USD 113 POLICIES
K GENERAL PUBLIC RELATIONSUnderstanding the Policy System
This document represents the policies and administrative rules of Prairie Hills USD 113.
Policies are principles adopted by the school board to chart a course of action. They tell WHAT is wanted and may include also WHY and HOW MUCH. They should be broad enough to indicate a line of action to be taken by the administration in meeting a number of problems day-after-day; they should be narrow enough to give the administration clear guidance.
Rules are the detailed directions that are developed by the administration and staff to put policy into practice. They tell HOW, BY WHOM, WHERE, and WHEN things are to be done.
This philosophy was incorporated into the thinking that went into the model and guided the board members and administrative staff in developing the attached policies and rules.
There are twelve sections of policy and rule with each representing a separate and distinct grouping of principles. They are as follows:
This type of classification system is designed for computer use and conforms to sound principles of information storage and retrieval, to sound principles of school governance, and also to the mandates of practicality. The system’s ultimate success or failure will depend on the extent of its day-to-day usefulness as a management tool to facilitate board operations.
Basic to the system is the vocabulary of policy development descriptors. This vocabulary includes more than 1000 discrete terms, e.g., “Underground Newspapers”, “Psychological Testing”, “Nepotism”, etc. These terms set forth-specific issues and concerns for possible school board action at the policy development level.
The coding or “tracking” of terms is by letter rather than by number. Letter encoding offers two major advantages over number coding for the task at hand:
- A letter system offers more flexibility. The coder has available 26 separate letters to use compared to only ten digits; (2) A letter system requires no decimal points. This tends to reduce the likelihood of errors of reproduction and filing.
At first glance, letter codes may look strange compared to the more familiar decimal systems. Yet it takes but a moment for a code-user to appreciate the logic and simplicity of alpha coding.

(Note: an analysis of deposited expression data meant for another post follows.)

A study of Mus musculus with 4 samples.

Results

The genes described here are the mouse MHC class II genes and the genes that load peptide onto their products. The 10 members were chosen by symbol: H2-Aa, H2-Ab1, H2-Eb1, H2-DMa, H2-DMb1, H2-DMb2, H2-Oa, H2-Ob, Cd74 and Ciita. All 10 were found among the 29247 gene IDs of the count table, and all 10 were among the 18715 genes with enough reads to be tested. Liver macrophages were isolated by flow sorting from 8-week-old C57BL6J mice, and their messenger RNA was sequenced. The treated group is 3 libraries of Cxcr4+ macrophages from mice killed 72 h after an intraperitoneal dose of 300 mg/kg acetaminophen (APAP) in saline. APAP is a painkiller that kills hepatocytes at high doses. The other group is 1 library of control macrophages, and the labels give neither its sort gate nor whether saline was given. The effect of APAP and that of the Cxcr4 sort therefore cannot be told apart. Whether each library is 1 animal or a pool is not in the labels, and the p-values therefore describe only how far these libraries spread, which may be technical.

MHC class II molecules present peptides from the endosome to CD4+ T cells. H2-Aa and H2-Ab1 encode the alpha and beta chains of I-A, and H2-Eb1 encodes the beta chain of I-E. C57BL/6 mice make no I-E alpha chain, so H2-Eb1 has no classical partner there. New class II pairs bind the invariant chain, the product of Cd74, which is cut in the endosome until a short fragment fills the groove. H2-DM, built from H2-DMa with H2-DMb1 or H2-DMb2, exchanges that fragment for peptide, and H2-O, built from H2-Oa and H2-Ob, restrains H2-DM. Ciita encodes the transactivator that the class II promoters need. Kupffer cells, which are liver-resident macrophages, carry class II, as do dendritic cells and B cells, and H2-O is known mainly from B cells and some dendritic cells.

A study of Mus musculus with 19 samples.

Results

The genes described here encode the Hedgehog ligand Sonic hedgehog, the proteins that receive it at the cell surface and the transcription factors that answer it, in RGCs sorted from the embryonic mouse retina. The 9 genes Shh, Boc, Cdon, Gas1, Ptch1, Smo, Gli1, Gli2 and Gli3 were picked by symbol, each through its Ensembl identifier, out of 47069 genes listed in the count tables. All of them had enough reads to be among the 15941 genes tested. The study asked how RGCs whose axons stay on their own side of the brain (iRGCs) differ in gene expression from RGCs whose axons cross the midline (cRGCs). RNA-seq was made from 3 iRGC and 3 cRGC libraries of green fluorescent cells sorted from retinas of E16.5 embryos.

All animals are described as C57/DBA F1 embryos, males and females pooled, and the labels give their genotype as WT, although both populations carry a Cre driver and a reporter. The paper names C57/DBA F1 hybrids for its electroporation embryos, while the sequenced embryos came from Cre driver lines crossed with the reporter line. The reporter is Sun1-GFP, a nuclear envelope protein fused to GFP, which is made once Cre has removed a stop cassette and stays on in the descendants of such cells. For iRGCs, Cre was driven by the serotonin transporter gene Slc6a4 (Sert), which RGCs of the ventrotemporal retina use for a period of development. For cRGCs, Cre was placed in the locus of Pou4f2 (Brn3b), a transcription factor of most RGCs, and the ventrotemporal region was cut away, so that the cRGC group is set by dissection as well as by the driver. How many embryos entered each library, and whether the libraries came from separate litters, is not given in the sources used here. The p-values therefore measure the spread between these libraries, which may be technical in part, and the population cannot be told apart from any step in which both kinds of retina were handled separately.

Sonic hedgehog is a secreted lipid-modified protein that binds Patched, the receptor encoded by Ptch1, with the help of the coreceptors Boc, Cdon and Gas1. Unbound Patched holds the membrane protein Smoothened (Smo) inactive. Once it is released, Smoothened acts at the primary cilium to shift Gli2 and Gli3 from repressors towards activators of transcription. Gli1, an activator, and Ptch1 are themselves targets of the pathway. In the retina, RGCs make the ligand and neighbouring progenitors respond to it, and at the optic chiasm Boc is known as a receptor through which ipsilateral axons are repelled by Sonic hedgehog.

The index is found in the policy manual after section M and is an alphabetized listing of more than 1400 terms. Its purpose is to help users find their way quickly to coded descriptors.
The index also includes many terms not used in the classification system. These “extras” appear in italic type and are cross-referenced to official descriptors. Some of these topics are synonyms. (E.G., Administrative Regulations see “Administrative Rules.”) Others are included to show where they might be placed into the system by local classifiers. (E.G., Jury Duty see “Leaves and Absences.”)
In addition, major descriptors appear in several places in the index. This again is to facilitate the user’s search for correct term placement in the system.
The policy classification system employs these signs and symbols which are explained below:
SN Scope Note – a brief statement used when necessary in order to clarify
and/or limit the intended use of a descriptor entry.
E.G., Administrative Personnel
SN For school management and supervisory personnel below
district superintendent level.
Also A prefix to a parenthetical code to indicate that the identical term (and similar school board policy) appears elsewhere in the classification system.
E.G. AFC (Also EBBD) Emergency Closings
EBBD (Also AFC) Emergency Closings
Cf. A prefix used to indicate cross-reference to another policy or rule of similar subject matter or to a policy or rule which over-rides a policy or supplements it.
E.G., JCDAC (Cf. IDBB) Drug Use
IDBB (Cf. JCDAC) Drug Education
-R An affix to a code to indicate that the statement it describes is an administrative rule, not a school board policy.
When Using These Manuals
To use these manuals properly, the reader should look up the subject matter in the index and turn to the policy section first. Check the table of contents found in the front of each policy section to determine whether the subject you are looking for is cross-referenced to any other policy. Check also to see if the symbols Cf. and ALSO are present. Turn to the alpha code and read the policy. If a rule is present also read the rule. After you have done this, read all cross-references and other similar referrals.
If by chance you do not find a policy statement, one of two things has occurred:
(1)The board does not have a policy or rule on the subject, or (2) Another classification (Cf.) is overriding and should be read to determine the board’s policy. This latter statement makes it incumbent on the user to check the table of contents before looking up the subject.
There will be times when a policy does not have a rule. If this occurs, the reader must assume the board felt the policy was self-executing and did not need an implementing rule.
There will be times when a rule exists but not a policy. When this happens, the reader must assume there is another policy which overrides. Re-check the table of contents to find the applicable policy.
These policies do not contain any statutory language. If the reader is in doubt about whether there is a state law on the subject being pursued, ask the superintendent or some other professional staff member for guidance.